The Grand Budapest Hotel
As much as "The Grand Budapest Hotel" takes on the aspect of a cinematic confection, it does so to grapple with the very raw and,…
It's been a long time since Hollywood gave us a decent pirate movie, and that by itself is one reason for liking "Swashbuckler." Pirates used to roam the screens with fearsome regularity, but in the early 1960s, the big studios began to thin out their inventories of props and costumes, and the pirate gear was among the first to go. "Nobody can make a pirate movie anymore," a set designer complained to me a few years ago, "because you'd have to build everything from scratch. There's not even a decent pirate ship left In Hollywood . . .. " And now here, unexpectedly and sometimes delightfully, we have "Swashbuckler." It's not a put-on, like "Cartouche," or an excuse for a different kind of movie, like "Blackbeard's Ghost." It's a flat-out pirate movie, by heavens, with desperadoes swinging aboard with swords in their teeth, with maidens in iron cages, with barrels of rum and bloody duels and daring rescues. The movie is better technically than the classics of the 1930s, but in terms of vision, it's a blood relative of, well, "Captain Blood."
One of the reasons the movie works well is that it's well, and expensively, cast. Robert Shaw plays the hero, Red Ned Lynch, terror of the Caribbean - and he demonstrates here, as he did in "Jaws," that apart from his larger skills and ambitions he knows how to be an absolutely first-rate B actor. He's forcible, he's charming, he's physical in a role that calls for few subtleties. And he doesn't ham things up, as so many good actors have been tempted to do in pirate movies. He seems absolutely sincere, and that helps set the film's tone.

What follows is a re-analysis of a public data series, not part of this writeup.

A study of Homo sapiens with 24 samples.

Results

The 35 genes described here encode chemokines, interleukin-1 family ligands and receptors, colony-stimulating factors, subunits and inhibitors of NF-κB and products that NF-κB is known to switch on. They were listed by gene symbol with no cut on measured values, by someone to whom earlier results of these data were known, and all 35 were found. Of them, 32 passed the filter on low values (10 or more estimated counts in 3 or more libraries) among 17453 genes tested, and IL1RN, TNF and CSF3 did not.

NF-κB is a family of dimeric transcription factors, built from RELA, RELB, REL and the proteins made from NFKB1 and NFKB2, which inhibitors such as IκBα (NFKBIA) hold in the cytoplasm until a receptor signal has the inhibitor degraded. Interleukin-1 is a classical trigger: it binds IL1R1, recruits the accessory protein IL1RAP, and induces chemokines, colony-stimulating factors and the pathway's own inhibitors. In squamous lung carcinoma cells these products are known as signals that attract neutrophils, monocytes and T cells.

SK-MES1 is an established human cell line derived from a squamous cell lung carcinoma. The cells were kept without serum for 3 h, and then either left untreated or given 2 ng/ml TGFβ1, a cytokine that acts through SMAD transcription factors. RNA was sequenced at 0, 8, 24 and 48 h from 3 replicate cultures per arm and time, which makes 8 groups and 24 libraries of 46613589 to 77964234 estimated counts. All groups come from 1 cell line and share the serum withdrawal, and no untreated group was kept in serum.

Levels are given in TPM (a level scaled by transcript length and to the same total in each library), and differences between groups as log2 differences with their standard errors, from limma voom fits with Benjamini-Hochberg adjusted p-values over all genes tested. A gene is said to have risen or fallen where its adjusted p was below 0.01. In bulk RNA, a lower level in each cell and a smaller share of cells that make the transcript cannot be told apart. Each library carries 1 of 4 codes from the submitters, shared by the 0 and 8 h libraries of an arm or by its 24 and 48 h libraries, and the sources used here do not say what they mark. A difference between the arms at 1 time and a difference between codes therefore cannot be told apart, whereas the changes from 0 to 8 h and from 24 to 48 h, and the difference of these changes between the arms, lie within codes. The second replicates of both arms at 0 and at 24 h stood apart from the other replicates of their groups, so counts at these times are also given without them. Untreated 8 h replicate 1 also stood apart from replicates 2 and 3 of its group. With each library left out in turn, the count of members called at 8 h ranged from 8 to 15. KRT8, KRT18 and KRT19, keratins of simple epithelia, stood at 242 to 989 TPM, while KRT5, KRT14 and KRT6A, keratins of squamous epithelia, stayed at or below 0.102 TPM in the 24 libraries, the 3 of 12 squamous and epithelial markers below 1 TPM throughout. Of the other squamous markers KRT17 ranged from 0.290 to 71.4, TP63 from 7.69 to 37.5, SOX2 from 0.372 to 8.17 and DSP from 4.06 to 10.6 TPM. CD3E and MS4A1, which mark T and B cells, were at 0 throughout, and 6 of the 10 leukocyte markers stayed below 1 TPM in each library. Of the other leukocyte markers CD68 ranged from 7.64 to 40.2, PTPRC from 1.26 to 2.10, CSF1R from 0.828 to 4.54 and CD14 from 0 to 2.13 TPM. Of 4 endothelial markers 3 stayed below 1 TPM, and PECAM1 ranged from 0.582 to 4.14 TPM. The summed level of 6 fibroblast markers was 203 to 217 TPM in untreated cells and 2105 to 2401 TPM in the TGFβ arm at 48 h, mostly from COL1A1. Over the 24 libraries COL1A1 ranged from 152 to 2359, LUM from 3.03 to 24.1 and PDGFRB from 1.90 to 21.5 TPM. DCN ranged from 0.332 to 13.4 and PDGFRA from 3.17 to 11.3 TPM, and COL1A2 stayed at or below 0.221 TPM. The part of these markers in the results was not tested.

James Earl Jones, that actor of magnificent vitality and energy, plays Red Ned's cohort, Nick Debrett. The film opens with Nick standing grimly on a scaffold, the rope already around his neck, but then Red Ned comes swinging ashore as the cannons boom, and we're off. Among the other characters, Peter Boyle makes a wonderfully reprehensible villain, and Genevieve Bujold plays the heroine.
A word or two about her, since the heroine is always so important in these enterprises. The women in the older pirate movies traditionally were treated like booty - treasures to be kidnapped and ransomed and worse. They were rarely permitted active, aggressive roles ("Filmgoer's Companion" lists only two movies, out of dozens, about female pirates). That's not the case with the Bujold character.
She plays the daughter of the decent British governor, who is cruelly overthrown. She stands proudly aloof (and that's one of the things I love about pirate movies - the chance to use phrases like "proudly aloof"). At first, she disdains Red Ned Lynch and his crew, even though they're on the side of good. And yet she and Red Ned have a respect for each other; they even fall in love at the end of the film, although not before engaging in a splendid duel.
"Swashbuckler's" ambition is to be a good pirate movie, and it succeeds. It has no larger ambition, no urge to comment on the genre, and so I suppose it's a somewhat limited film. It can't contain many surprises without betraying its tradition. But it's directed (by James Goldstone) and acted with zest, energy and conviction. In 1976, it's a little unusual to find an action film that's unneurotic and unself-conscious and contains no parable for our times.